Are you ready to automate your home? If so, you’re likely doing so for one of three factors: fear, fun, or function. At least that’s what research firm Argus Insights surmises from information gathered in a recent study of consumer attitudes toward home technology. “We see smart home adoption being driven by three factors: fear, fun, and function,” says John Feland, CEO of Argus Insights. “For service providers, the fear factor drives home security as the key reason to purchase and use. DIY consumers, on the other hand, blend function and fear, with climate control typically being the gateway to the smart home experience.”
So whether it’s fear that’s causing you to think about adding technology to your home, or function or fun, here are some recommended systems for reason:
• Security System: Naturally, this is the most practical place to start if you’re concerned about the safety of your home and family. You’ll want a system that can be monitored and controlled remotely (most support this capability) by you and a professional monitoring service, is easy to use for every member of the family, and is compatible with other types of home technology systems, like lighting control systems and heating and cooling systems.
• Electronic Door Lock: Requiring no keys, these locks are particularly helpful to parents of latchkey kids. The door can be opened by punching in a secret passcode, which you set up and can change at any time. You can receive a ping on your smartphone when the lock is disengaged so that you know the second your kids are home from school. And if they forget to lock the house back up, you can handle it right from a smartphone app.
• Surveillance Camera: Seeing is believing, and there’s no better way to keep tabs on the happenings in and around your house than with an Internet-connected surveillance camera. Look for one with an integrated motion sensor and microphone. The motion sensor tells the camera to snap and send a picture to your smartphone; the microphone lets you speak with whoever triggered the motion sensor.
• Whole-House Entertainment System: Having a killer sound system and video setup in a single area of your house is one thing—being able to spread all of that wonderful entertainment content to several rooms of your house is quite another. Choose a system that supports the number of entertainment areas you envision and the number of components you own or plan to own (plus leaves growing room for additional rooms and components). Also, keep in mind that some systems require the additional of low-voltage wiring, while others distribute signals wirelessly—plan accordingly.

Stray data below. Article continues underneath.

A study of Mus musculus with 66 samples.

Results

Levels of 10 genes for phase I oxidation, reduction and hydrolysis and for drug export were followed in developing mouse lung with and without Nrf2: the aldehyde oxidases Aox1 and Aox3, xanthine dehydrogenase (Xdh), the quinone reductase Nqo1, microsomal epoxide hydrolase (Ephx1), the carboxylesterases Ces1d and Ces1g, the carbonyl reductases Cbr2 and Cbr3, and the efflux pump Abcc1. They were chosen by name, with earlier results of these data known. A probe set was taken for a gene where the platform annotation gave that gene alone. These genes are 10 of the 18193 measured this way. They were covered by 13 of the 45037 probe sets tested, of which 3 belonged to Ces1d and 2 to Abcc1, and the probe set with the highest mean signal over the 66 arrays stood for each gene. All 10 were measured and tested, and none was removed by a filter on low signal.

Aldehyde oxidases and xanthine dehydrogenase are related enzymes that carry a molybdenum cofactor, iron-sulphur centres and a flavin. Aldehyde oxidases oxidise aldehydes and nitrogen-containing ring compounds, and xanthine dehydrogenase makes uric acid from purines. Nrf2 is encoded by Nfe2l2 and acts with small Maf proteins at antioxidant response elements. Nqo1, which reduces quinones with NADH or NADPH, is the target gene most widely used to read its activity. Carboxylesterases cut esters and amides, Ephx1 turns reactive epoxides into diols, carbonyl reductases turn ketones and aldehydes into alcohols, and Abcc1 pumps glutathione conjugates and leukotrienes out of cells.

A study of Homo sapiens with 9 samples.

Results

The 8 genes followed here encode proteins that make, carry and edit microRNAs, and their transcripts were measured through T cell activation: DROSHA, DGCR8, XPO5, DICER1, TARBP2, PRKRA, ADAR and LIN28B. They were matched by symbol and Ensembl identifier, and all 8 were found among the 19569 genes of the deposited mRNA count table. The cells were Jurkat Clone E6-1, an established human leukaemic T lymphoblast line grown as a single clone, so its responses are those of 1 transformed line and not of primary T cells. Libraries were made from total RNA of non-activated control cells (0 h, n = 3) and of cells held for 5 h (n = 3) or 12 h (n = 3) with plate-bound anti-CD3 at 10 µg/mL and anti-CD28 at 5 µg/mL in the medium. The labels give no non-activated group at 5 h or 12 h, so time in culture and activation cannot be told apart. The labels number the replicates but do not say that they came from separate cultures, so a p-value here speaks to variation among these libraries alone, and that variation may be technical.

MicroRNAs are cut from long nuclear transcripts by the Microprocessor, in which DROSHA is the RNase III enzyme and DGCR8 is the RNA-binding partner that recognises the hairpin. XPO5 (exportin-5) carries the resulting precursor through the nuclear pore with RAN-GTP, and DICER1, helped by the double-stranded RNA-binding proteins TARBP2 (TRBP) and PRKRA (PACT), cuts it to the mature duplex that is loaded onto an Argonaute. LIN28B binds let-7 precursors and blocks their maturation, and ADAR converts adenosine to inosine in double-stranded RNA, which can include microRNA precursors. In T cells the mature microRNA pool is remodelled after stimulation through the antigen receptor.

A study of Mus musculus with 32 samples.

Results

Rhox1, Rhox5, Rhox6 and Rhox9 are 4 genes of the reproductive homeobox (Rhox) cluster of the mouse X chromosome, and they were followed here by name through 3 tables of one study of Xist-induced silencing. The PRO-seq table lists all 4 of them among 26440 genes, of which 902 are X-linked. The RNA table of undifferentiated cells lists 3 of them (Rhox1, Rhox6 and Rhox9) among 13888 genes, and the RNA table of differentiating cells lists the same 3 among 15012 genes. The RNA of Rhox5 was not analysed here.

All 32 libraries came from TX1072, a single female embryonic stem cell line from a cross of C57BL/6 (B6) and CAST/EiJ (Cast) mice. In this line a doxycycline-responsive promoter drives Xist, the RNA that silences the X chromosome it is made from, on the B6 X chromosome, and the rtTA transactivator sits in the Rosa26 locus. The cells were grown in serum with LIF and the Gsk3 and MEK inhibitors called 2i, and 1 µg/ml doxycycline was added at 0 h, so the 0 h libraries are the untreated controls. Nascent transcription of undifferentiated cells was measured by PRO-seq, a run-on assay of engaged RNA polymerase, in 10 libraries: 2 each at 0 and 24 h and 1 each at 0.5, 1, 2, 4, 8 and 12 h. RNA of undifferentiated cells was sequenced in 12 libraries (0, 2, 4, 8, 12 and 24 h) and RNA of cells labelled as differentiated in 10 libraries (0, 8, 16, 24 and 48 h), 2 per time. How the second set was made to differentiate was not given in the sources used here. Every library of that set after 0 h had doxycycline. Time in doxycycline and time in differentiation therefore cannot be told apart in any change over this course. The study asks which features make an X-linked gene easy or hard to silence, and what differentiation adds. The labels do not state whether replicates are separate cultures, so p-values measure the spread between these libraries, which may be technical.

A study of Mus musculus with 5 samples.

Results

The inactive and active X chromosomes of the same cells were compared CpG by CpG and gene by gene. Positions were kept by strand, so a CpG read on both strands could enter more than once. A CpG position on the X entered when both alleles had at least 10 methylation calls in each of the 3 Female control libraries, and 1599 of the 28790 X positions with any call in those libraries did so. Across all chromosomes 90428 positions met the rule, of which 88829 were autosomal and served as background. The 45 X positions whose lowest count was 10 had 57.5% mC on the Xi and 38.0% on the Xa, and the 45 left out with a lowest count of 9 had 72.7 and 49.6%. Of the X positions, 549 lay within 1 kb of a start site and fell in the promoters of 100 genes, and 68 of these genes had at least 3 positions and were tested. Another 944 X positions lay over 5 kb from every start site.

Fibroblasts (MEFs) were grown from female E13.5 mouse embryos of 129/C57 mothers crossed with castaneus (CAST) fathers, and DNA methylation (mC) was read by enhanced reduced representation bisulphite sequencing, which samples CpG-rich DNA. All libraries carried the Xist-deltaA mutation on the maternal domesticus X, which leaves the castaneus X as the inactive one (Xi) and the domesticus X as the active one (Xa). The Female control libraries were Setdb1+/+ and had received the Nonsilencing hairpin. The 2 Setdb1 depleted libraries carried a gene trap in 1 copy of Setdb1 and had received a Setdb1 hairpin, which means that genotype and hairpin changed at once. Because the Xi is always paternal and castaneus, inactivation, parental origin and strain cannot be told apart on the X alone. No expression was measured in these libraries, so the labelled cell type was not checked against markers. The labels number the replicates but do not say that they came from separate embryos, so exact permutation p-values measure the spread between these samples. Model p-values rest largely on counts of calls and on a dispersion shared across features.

• Home Theater: Owning a home theater is the ultimate in high-tech fun, but it’s not just the stellar video and audio that makes a home theater a delightful addition to your home. The process of designing one can actually be fun, too. In addition to a video projector, screen and surround-sound system, you can incorporate motion simulators underneath the seats, twinkling fiber optic stars on the ceiling, and illuminated marquees, and unique touches.
• Integrated Home Control: The beauty of a home control system is its ability to make individual technologies perform in unison. While this feature in and of itself might not be what most would consider fun, it definitely inspires fun by enabling you to prepare your house at the touch of a button for an impromptu gathering of friends, an elaborate dinner party, a birthday celebration, the Super Bowl, the holidays … really any occasion you can think of. In an instant, the lights, the music, the temperature, and the TVs are ready for whatever fun-filled activity you have planned.
• Networking System: There are two types of networking systems: hardwired and wireless, and each contribute largely to functionality of the technologies you’ve chosen to add to your home, be it a whole-house entertainment system or a security system. Commands issued to smart home systems from smartphones, tablets, keypads, touchpanels, handheld remotes, and other devices need to reach their intended destinations with no hiccups during travel, and the only way to ensure that this happens is with a robust, reliable home network.
• Lighting and Shading Controls: Often deemed the cornerstones of a smart house, being able to conveniently control lights and motorized windows shades makes your home so much easier to manage, not to mention helps save electricity and enhances comfort. Like most smart home systems, lighting control systems and motorized shading come in both hardwired and wireless varieties, and can focus on one room or the entire house. Our advice: choose a system that’s affordable and easy to install into your home, yet can be expanded and updated when you’re ready.
• Smart Thermostat: Everyone wants to feel comfortable at home, and this boils down to the thermostat on the wall. It determines how and when your home’s HVAC unit operates, and if that thermostat is difficult to deal with … well, your HVAC will probably have a difficult time delivering the perfect indoor climate. Swapping your old dumb thermostat for a new smart one is an easy, affordable update that makes your HVAC system function efficiently without sacrificing any of your comfort. Today’s thermostats are being designed with all sorts of cool features, like the ability to learn your heating and cooling habits, report weather conditions, control air cleaners and ventilation systems, and more, so investigate thoroughly before choosing one for your house.